Tuesday, November 5, 2013

Episode 83: Versailles

A Brief History of the Chateau de Versailles

Started as a hunting lodge by Louis XIII in 1624, it was expanded to one of the largest palaces in the world at the time by Louis XIV. Then the French court was moved from Paris to Versailles in 1682. Prominent French architects, Le Vau, Le NĂ´tre, and Le Brun all worked on the palace which was built in four building campaigns under Louis XIV:

1.       1664-1668 – Expanded to accommodate a party of 600 guests in 1664
2.       1669-1672 – Le Vau enclosed the original hunting lodge on the North, West and South
3.       1678-1684 –Jules Hardouin-Mansart designed the North and South wings, the 
          Orangery and the famous Hall of Mirrors. Le Brun helped design much of the interior. 
          He also worked on the gardens with Le Notre
4.       1699-1710 – The royal chapel designed by Hardouin-Mansart and finished by Robert           de Cotte.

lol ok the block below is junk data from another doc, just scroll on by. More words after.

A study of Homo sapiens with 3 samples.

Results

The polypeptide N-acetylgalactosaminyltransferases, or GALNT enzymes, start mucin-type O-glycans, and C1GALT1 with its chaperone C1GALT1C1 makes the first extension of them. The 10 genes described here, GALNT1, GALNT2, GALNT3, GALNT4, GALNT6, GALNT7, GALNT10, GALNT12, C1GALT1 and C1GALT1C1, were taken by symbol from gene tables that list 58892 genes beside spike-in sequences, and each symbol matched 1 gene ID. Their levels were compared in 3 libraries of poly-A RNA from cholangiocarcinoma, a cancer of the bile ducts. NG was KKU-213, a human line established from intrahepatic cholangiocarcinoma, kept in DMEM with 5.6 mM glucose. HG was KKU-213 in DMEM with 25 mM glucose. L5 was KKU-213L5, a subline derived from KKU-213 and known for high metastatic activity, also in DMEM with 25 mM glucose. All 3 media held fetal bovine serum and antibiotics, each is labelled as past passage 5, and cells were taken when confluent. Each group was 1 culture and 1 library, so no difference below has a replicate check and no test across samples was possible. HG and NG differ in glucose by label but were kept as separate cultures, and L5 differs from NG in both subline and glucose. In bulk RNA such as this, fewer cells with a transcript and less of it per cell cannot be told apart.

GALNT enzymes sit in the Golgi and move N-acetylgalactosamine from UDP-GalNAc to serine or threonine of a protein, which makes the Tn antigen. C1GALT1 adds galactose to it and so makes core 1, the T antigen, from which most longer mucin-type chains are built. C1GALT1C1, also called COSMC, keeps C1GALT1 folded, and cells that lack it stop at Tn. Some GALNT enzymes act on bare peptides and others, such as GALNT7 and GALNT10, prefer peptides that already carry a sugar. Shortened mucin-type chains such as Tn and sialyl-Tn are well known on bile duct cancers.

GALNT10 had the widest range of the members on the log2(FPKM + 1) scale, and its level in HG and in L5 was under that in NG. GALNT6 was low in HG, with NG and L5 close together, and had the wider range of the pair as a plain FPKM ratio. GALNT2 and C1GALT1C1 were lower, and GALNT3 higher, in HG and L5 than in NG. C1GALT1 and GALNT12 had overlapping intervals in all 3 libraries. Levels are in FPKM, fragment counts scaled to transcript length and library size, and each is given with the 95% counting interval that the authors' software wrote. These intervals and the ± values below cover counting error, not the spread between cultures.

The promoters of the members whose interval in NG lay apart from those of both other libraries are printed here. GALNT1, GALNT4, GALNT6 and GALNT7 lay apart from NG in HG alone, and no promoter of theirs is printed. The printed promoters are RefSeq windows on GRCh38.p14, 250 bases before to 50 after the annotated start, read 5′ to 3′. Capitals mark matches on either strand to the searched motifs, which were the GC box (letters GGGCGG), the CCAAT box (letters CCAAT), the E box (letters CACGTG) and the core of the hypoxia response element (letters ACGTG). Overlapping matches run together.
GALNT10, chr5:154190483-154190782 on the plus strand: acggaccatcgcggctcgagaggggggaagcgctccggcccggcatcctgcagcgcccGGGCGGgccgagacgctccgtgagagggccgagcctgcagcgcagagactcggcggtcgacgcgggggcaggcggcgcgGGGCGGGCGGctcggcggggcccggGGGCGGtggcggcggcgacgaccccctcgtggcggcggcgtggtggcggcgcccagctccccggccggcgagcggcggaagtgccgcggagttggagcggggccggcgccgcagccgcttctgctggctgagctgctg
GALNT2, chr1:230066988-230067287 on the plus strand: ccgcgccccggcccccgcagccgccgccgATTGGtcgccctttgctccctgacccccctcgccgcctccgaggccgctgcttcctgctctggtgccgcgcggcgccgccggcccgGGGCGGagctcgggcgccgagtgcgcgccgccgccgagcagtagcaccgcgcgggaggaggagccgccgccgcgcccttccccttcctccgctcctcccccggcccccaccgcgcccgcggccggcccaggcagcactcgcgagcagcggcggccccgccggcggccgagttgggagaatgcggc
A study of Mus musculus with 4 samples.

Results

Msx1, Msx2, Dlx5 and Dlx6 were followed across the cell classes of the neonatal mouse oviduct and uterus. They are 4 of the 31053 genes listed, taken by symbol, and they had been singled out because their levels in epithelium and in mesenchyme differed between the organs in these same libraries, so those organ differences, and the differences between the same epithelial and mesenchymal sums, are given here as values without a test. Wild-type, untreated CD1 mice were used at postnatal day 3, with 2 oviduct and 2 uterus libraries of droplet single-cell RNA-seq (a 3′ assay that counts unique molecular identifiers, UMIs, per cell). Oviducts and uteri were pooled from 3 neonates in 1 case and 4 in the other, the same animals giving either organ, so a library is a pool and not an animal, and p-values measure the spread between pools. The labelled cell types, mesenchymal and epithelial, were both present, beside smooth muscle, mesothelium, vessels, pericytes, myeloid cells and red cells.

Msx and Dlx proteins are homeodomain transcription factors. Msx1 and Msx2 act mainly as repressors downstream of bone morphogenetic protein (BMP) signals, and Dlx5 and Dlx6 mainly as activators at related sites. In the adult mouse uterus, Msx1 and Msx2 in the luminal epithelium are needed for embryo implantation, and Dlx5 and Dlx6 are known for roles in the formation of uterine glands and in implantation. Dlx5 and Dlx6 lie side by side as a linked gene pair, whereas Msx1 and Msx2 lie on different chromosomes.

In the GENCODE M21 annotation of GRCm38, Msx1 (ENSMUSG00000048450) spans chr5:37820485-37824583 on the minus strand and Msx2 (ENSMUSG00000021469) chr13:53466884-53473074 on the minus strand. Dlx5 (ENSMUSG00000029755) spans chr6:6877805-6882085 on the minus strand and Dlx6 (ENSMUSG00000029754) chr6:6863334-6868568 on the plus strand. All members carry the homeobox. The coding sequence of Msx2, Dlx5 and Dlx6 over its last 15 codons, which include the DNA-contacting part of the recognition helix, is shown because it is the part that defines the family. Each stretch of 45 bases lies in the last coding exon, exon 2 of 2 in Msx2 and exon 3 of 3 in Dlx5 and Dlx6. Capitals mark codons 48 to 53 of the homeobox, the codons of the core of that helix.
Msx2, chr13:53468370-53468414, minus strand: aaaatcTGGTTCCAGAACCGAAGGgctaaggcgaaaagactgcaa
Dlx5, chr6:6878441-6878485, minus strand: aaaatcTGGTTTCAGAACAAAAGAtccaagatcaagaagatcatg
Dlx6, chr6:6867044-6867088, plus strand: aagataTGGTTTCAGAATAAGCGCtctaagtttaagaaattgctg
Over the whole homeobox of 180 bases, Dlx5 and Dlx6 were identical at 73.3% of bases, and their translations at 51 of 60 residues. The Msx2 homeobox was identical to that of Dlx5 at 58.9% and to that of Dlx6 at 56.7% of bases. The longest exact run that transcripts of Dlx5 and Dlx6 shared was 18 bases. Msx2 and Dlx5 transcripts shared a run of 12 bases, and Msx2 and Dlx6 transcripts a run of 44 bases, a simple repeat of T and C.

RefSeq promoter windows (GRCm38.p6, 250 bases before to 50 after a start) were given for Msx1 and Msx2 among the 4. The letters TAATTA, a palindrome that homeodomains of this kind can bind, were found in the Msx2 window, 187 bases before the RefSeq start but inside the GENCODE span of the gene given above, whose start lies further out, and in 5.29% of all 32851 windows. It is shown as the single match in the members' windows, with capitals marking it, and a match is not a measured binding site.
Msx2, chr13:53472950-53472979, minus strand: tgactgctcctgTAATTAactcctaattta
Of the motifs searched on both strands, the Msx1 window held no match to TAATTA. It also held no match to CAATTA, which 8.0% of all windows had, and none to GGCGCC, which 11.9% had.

Louis XV worked on expanding the Chateau as well but did not do nearly as much as Louis XIV. One of the most famous additions during his time was the Petite Trianon, later to be known as Marie Antoinette’s estate.

Petite Trianon

During the French Revolution in the late 1700’s the royal court was forced back to Les Tuileries palace in Paris. In the years following, much of the furnishings and artworks were sold or auctioned off (though the ‘important’ ones were not). The palace suffered during this time.

During the time of Napoleon the palaces was used once again (though not by Napoleon himself).

Around 1833, Louis-Philippe proposed that a grand museum be housed in the Palace of Versailles

Today the museum is still there and other French government business is still conducted there.  

Plan of the gardens of Versailles

Prominent Rooms:

King's Chambers
Queen's Bedroom

The Queen's Hamlet - built specifically for Marie Antoinette

Hall of Mirrors
17 mirror clad arches 357 mirrors in total. The ceiling is decorated with the triumphs of Louis XIV.


Fun Facts:
All the materials to build and decorate the palace were made in France.
2,300 Rooms
67,000 square meters! 

Next week Julia and Jo talk about Architecturally Beautiful Museums. See ya next week!